The world must say that Taliban rule is already unacceptable in Afghanistan. A country should not block its citizens from taking civilian flights to places that will accept them. A government in waiting should not so terrify many of its citizens that they queue up at an airport to try to get a flight to anywhere that might take them. It is tragic that they live in the hope they can start a new life somewhere else with nothing more than a suitcase of personal items to show for their life to date. Nor should those who claim to have control allow chaos to make the suicide bomber’s task easier. The sad deaths in Kabul yesterday made the tragedy worse.
We should not regard it as a norm that civilian aviation is cut off from a country, or that a group of armed individuals can settle the fate of thousands of people wanting to move by making instant judgements with a gun pointing at the applicant. One of the most attractive features of advanced democracies is the ability and right to travel freely within your own country or to leave it to go to anywhere which will let you in without needing permission.
There are some in the UK who think we should be willing to take tens of thousands of Afghans who would like to leave their country now. I strongly support the heroic efforts of our troops and border staff in seeking to get all UK citizens home who wish to come, and to give free passage and the right to live and work in the UK to all those who worked for our government and military in the past and are now at risk because of that. I am not convinced that it would be right to make a wider offer to Afghans more generally to come to the UK.
The first sad truth is we will only get a limited number of people out in the time left with access to a runway and with permission to fly in and out to pick people up, a right we have to share with our allies who all need to do the same. The second is even if we offered more places to Afghans to come and could find a safer route to let them do so we could only ever offer it to a small fraction of the 40 million living in Afghanistan today. Helping cream off more of the bright and motivated people with more liberal views from the society will make the plight of the millions who remain worse. The Taliban might behave even more unpleasantly if too many more Afghans are assisted out. We would wish to make sure that anyone invited to live and work in the UK can do so with a decent living standards. We are already very short of homes, and there are limits to how many more we can house from overseas to acceptable standards.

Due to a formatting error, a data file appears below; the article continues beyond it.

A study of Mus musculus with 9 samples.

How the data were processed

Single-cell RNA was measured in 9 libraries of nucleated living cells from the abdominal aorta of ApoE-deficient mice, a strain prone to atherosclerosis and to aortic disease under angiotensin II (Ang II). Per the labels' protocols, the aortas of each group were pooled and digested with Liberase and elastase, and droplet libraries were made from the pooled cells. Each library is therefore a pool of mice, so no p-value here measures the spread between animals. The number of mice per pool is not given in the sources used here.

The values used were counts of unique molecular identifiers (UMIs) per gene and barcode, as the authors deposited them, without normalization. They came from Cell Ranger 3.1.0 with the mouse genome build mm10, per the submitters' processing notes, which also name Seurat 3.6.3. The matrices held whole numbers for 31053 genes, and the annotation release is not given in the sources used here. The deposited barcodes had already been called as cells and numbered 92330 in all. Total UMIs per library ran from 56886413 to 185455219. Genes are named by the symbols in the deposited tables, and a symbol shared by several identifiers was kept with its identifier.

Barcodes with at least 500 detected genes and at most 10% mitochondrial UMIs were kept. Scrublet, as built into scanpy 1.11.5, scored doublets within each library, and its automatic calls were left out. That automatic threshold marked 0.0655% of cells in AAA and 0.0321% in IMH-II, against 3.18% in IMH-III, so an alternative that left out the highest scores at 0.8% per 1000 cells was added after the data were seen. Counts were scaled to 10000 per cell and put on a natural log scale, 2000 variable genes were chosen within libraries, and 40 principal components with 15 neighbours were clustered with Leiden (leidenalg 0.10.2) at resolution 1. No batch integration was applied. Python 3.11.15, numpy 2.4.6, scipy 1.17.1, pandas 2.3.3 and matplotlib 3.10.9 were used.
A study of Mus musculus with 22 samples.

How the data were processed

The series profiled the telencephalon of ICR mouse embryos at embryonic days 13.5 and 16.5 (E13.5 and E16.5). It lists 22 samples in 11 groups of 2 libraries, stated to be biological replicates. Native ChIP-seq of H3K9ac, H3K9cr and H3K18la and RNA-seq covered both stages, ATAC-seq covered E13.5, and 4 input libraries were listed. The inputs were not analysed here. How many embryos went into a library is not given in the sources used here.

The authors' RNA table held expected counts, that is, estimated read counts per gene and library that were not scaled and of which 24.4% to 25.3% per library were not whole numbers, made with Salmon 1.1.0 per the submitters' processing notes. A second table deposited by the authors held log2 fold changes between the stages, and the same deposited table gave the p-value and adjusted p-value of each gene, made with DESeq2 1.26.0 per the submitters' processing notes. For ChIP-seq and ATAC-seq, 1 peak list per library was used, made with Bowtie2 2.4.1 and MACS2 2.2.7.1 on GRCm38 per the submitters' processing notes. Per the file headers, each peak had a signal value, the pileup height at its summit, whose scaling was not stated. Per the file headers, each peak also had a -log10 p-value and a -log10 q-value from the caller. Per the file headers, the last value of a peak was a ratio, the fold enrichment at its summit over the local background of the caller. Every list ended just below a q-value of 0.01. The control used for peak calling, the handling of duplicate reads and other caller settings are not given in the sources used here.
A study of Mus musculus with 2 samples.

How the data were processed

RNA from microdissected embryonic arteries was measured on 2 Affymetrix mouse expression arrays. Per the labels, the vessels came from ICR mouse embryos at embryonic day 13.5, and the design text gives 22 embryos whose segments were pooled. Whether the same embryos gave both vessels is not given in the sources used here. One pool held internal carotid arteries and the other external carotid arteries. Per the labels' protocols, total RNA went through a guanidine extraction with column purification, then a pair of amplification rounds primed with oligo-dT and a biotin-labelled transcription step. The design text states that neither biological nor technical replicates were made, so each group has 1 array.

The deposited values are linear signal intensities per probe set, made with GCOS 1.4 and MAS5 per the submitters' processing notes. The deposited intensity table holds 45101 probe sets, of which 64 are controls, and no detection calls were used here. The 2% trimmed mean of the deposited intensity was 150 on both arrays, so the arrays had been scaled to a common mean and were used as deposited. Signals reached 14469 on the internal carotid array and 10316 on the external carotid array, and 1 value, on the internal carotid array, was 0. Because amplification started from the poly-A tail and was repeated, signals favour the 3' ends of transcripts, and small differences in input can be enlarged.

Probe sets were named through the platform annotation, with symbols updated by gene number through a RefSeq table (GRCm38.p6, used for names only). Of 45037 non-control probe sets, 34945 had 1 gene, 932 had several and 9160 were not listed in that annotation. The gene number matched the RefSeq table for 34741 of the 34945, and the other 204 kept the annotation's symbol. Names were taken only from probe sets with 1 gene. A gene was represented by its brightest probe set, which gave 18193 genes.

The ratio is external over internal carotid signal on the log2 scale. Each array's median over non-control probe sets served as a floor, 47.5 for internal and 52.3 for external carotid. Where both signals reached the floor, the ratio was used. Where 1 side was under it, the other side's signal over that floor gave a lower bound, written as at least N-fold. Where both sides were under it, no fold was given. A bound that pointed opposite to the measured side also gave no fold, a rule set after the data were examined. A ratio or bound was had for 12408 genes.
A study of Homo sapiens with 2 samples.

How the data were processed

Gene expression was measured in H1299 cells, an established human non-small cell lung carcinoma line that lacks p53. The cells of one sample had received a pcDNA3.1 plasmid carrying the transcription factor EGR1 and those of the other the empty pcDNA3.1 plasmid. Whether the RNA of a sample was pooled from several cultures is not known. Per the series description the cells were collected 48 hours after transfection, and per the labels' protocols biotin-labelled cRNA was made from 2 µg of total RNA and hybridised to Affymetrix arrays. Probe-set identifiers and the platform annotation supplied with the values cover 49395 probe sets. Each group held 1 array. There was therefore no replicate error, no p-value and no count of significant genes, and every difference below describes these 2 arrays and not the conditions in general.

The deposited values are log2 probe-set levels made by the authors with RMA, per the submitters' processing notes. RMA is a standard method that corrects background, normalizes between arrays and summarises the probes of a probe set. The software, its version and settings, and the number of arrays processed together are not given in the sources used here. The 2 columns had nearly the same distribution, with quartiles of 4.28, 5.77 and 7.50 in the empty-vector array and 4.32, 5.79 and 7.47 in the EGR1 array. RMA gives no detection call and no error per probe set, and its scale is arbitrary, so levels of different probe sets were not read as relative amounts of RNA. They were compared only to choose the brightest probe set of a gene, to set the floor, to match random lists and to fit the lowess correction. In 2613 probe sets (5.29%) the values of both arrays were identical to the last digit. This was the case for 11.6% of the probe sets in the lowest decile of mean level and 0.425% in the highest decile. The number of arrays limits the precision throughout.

There is no alternative to working with the world community to try to prevent the return of the Taliban to the barbarism of their past. The former policy which President Biden undermined of assisting a far from perfect democratic government in Afghanistan to widen human rights and raise living standards made sense and was working to some extent. Given the way an armed group has displaced an elected government, we have to accept that our influence is much less. However, all the time the Taliban led country needs western currency and goods and expects some continuation of aid and technical support there is the basis for some agreements to try to limit the damage. It is also the case that countries with more influence than us like Pakistan and China need to be brought into the conversations, as they too should not want a rogue state that harbours terrorists who might harm them as well.
Yesterday President Biden contradicted his promise to end the for ever US war in Afghanistan. He instead threatened retaliatory action against the people who murdered so many at the airport, implying a future new chapter in America’s war.